Apple Inc. is cutting orders to vendors in the supply chain for its iPad tablet computer, a move that may result in slower sales for companies including Hon Hai Precision Industry Co., JPMorgan Chase & Co. said in a report.
Several supply-chain vendors indicated in the past two weeks that Apple lowered fourth-quarter iPad orders 25 percent, the first such cut that analysts at JPMorgan’s electronic manufacturing services team in Hong Kong said they have ever seen. The report didn’t list the affected companies, and Gokul Hariharan, one of the report’s authors, said he couldn’t comment when reached by Bloomberg News today.
For a vendor such as Hon Hai, the cut could mean a drop to 13 million units in the fourth quarter from 17 million units in the third quarter, JPMorgan analysts wrote in the Sept. 25 report. The report said JPMorgan U.S. analyst Mark Moskowitz, who covers Apple, does not expect to lower his projection of 10.9 million to 12 million units of iPad shipments in the third and fourth quarters after the supply chain adjustments.
Reduced orders from Apple to iPad suppliers could reflect both weakening demand in Europe due to economic conditions there as well as a strategy by Apple, the world’s biggest company by market value, to operate with reduced inventory, Wanli Wang, a Taipei-based industry analyst at RBS Asia Ltd., said today.
“It’s back to reality,” Wang said. “Now it seems even for Apple, due to the market situation, we need to be conservative.”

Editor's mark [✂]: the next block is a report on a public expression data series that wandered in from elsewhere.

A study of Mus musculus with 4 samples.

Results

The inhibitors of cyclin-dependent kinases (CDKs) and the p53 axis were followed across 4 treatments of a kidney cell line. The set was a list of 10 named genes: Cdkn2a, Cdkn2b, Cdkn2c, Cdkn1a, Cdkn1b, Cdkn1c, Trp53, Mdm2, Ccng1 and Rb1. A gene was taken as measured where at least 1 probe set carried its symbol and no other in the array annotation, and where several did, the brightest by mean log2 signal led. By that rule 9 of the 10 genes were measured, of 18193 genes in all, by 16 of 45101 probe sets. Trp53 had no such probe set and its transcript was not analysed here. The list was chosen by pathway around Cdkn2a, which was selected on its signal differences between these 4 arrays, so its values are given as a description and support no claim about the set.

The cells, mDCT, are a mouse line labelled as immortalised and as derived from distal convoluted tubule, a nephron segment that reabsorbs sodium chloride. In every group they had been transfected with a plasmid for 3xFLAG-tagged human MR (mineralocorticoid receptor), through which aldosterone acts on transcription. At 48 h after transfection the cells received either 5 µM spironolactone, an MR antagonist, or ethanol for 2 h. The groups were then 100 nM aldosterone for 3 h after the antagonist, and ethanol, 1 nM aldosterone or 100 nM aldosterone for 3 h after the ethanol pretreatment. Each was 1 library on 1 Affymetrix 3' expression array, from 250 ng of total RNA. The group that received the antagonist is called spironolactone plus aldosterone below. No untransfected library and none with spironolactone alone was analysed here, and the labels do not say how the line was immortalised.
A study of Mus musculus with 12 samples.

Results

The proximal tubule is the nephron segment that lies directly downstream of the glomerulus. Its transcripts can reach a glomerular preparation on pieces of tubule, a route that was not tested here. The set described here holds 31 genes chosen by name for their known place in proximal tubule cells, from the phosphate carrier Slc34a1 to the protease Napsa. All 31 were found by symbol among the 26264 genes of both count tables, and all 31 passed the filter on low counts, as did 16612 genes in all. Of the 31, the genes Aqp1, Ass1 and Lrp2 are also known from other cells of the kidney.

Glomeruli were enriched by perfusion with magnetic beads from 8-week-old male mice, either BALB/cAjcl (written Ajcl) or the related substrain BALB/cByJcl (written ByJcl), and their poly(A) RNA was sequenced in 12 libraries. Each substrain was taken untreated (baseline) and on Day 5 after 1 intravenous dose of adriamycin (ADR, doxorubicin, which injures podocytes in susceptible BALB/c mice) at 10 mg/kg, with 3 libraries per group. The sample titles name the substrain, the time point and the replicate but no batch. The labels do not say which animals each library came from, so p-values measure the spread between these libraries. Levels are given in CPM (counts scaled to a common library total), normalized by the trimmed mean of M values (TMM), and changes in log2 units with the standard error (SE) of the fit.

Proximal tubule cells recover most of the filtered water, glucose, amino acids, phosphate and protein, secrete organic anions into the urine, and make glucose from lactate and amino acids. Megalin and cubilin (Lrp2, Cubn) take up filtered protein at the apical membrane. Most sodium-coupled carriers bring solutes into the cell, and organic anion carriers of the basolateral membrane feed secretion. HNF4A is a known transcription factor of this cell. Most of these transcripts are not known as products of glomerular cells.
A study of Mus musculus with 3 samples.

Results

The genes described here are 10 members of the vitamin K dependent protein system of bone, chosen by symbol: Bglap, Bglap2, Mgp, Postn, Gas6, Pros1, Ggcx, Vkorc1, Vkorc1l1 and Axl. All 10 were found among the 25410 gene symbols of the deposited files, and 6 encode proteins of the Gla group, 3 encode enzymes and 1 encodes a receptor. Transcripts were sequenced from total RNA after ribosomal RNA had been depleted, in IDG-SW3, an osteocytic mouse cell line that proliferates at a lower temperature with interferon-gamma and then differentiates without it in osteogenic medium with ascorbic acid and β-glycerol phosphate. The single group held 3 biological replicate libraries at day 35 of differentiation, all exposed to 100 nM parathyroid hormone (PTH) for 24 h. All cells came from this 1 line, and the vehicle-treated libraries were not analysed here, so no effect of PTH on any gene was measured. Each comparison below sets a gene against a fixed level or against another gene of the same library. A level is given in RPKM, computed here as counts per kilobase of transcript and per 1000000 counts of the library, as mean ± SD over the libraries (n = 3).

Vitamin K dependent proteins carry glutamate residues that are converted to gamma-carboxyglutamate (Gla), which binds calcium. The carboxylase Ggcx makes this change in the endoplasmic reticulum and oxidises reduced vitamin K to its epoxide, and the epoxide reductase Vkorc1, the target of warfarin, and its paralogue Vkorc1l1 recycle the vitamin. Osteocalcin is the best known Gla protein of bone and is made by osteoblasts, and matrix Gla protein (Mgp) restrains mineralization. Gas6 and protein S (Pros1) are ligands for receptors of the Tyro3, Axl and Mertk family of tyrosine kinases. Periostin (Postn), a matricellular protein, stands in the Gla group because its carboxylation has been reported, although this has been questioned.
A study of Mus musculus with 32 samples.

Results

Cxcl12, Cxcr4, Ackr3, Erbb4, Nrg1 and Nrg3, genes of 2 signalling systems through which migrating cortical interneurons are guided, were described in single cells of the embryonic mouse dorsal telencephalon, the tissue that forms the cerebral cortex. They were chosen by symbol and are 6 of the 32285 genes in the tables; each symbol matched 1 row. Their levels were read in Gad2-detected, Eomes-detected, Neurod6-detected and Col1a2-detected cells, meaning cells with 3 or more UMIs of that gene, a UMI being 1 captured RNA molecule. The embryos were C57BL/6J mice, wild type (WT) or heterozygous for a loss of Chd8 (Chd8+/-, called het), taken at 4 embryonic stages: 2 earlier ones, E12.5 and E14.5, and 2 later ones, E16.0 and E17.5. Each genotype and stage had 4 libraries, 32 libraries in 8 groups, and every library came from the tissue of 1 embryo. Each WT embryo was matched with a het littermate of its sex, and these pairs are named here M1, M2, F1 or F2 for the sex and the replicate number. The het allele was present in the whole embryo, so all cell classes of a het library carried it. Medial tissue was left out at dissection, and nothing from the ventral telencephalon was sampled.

So far there is no confirmation from Apple that it has reduced orders to suppliers, Wang said. Carolyn Wu, a Beijing-based spokeswoman for Apple, didn’t respond to calls for comment on the report today.
Edmund Ding, spokesman for Hon Hai, didn’t respond to an e-mail or answer calls to his Taiwan and China mobile phones.
Shares of the Cupertino, California-based iPad maker fell $8.21, or 2 percent, to $396.09 at 9:48 a.m. on the Nasdaq Stock Market. The stock had climbed 25 percent this year before today.
Apple’s iPad may account for 73 percent of tablet computer sales this year, according to research firm Gartner Inc. Products that run on Google Inc.’s Android operating system, including Samsung Electronics Co.’s Galaxy tablets, will probably have about 17 percent of the market, Gartner said in a Sept. 22 note.
Because of its current dominant market position, Apple doesn’t have to rush to introduce its iPad 3 tablet computer as potential rivals have failed to emerge to siphon sales from the current model, JPMorgan’s Moskowitz wrote in a Sept. 16 report.
Amazon.com Inc. may release a product late this year that could become the number-two tablet in the market behind the iPad, Moskowitz wrote in that report.